Okay, we all know that President Trump and his Republican lackeys, particularly Attorney General William Barr, have created an ominous forecast for our democratic processes, but there are also some good reasons for optimism. One of them is the skill and tenacity of many Democratic newbies in the U.S. House. These freshmen – most of whom are women – are kicking butt and taking names. Rep. Alexandria Ocasio-Cortez (D-N.Y.) gets a lot of attention, of course, probably too much. But another less noticed star is Rep. Katie Porter (D-Calif.).
Ms. Porter was educated at Yale University and Harvard Law School and is a tenured professor at the University of California, Irvine School of Law. She is also a single mother with three children and an author with specialties in banking and consumer protection.
Many observers probably didn’t expect this fresh-faced member of the House Committee on Financial Services to make much of an impression during her five minutes to question JPMorgan CEO Jamie Dimon. After all, he’s a giant of the banking industry, the leader of a company that reaped $3.7 billion in extra profits from the Trump/GOP tax cuts and a billionaire who enjoys a $31 million salary. Well, she gave a superb performance.
Using JPMorgan’s starting hourly wage and cost of living numbers, Porter showed Dimon how his bank wasn’t paying a hypothetical, newly-hired single mother a living wage. Noting that this employee would be short $567 at the end of the month, she asked what he would suggest she do. Knowing he was trapped, Dimon said “I don’t know. I’d have to think about that.” Katie made her point.
Porter had other opportunities to tenaciously question wealthy bankers, including Wells Fargo CEO Timothy Sloan whose company set up fraudulent accounts for its customers. She virtually destroyed his credibility, using a poster that contrasted his promises to restore consumer trust in the bank with his lawyer’s courtroom assertions that these statements were just “puffery,” not to be taken seriously. There are numerous examples of how Katie and other freshman are putting “we the people” above the interests of powerful corporations; these are just two of them.
Still, they reinforce my long-held belief that women in Congress will be a driving force in saving this nation from would-be corporate oligarchs and chest beating militarists. Certainly, they are just as smart and tough as the men, if not more so. Yet, they are much more likely to believe that educating our children, providing health care for our citizens and establishing a living wage for working Americans will strengthen the nation more than cutting taxes for the wealthy and spending extra billions on the military.
Fortunately, the 116th Congress that convened in January included 42 newly elected women, 38 of whom are Democrats. I believe we can expect big things from them going forward.
Let’s not forget, however, that one of the main reasons Democrats won so big in 2018 was their focus on health care issues. Three years ago, candidate Donald Trump and most other Republicans were still bashing the Affordable Care Act (Obamacare). Conservative media like Fox News and billionaire GOP donors like the Koch brothers had helped them cast this landmark legislation as a government takeover of health care, convincing many voters it would destroy the economy and eliminate jobs. This was a total ruse.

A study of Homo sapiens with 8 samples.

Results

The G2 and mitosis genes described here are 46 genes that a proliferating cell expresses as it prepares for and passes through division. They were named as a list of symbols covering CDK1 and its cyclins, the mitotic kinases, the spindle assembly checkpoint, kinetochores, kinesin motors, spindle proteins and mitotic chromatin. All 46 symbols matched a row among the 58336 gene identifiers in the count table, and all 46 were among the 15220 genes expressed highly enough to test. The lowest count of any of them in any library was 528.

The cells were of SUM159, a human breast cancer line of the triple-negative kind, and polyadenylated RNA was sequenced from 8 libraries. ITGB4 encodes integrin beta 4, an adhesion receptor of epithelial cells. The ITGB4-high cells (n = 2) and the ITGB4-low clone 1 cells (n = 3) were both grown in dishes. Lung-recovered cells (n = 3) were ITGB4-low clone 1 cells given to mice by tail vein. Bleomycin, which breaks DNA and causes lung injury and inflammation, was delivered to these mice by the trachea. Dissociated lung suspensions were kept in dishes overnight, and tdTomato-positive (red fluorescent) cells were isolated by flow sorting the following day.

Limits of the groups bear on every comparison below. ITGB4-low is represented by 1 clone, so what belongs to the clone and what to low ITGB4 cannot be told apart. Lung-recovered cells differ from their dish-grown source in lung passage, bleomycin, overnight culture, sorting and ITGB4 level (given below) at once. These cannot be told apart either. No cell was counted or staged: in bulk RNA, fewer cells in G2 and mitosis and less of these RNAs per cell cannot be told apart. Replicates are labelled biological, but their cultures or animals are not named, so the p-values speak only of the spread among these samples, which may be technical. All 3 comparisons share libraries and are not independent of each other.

Encouraged by their own deception, Trump and his GOP supporters in Congress immediately set about making good on their campaign promise to rip up Obamacare, “root and branch.” Well, guess what happened? Their failed attempt schooled the public on just how draconian their alternative was. Voters came to realize that Republicans had no good plan for health care, which enabled Democrats to retake the House.
Next Trump and company pivoted to their tax cut, lying about its likely effects on federal deficits and the economy along the way. Now that most voters have come to realize it was a huge gift for corporations and the wealthy, Trump’s single biggest legislative achievement is a nothing burger with the middleclass and most Americans who aren’t rich.
Perhaps that is why Trump has turned his focus back on immigration, hoping to stoke continuing anger in his base. Almost daily we are learning how inhumanely his administration is treating asylum-seekers, particularly innocent children. It’s as if they are promoting cruelty, both as a policy and a political strategy. I have to believe that many of those who once applauded Trump’s efforts to protect the borders are repulsed by his methods. He is creating a public relations disaster for the United States, an image that most Americans do not want to project. That’s not who we are or the way we want to be seen.
I believe there are lessons voters will learn from the failed GOP tax cuts, Trump’s immigration policies and Republican campaigning during the coming months, just like they were educated by the efforts to repeal Obamacare. Republicans oppose most legislation that Americans favor, whether it’s providing more citizens with health care, protecting against climate change, raising the minimum wage or reversing inequality trends. Their ideology simply doesn’t include these policies.
That doesn’t mean, however, that this coming year won’t present significant challenges for those who want to reverse the course set by Trump and his supporters. But Republicans don’t do well when voters know the truth and they can’t hide from it forever.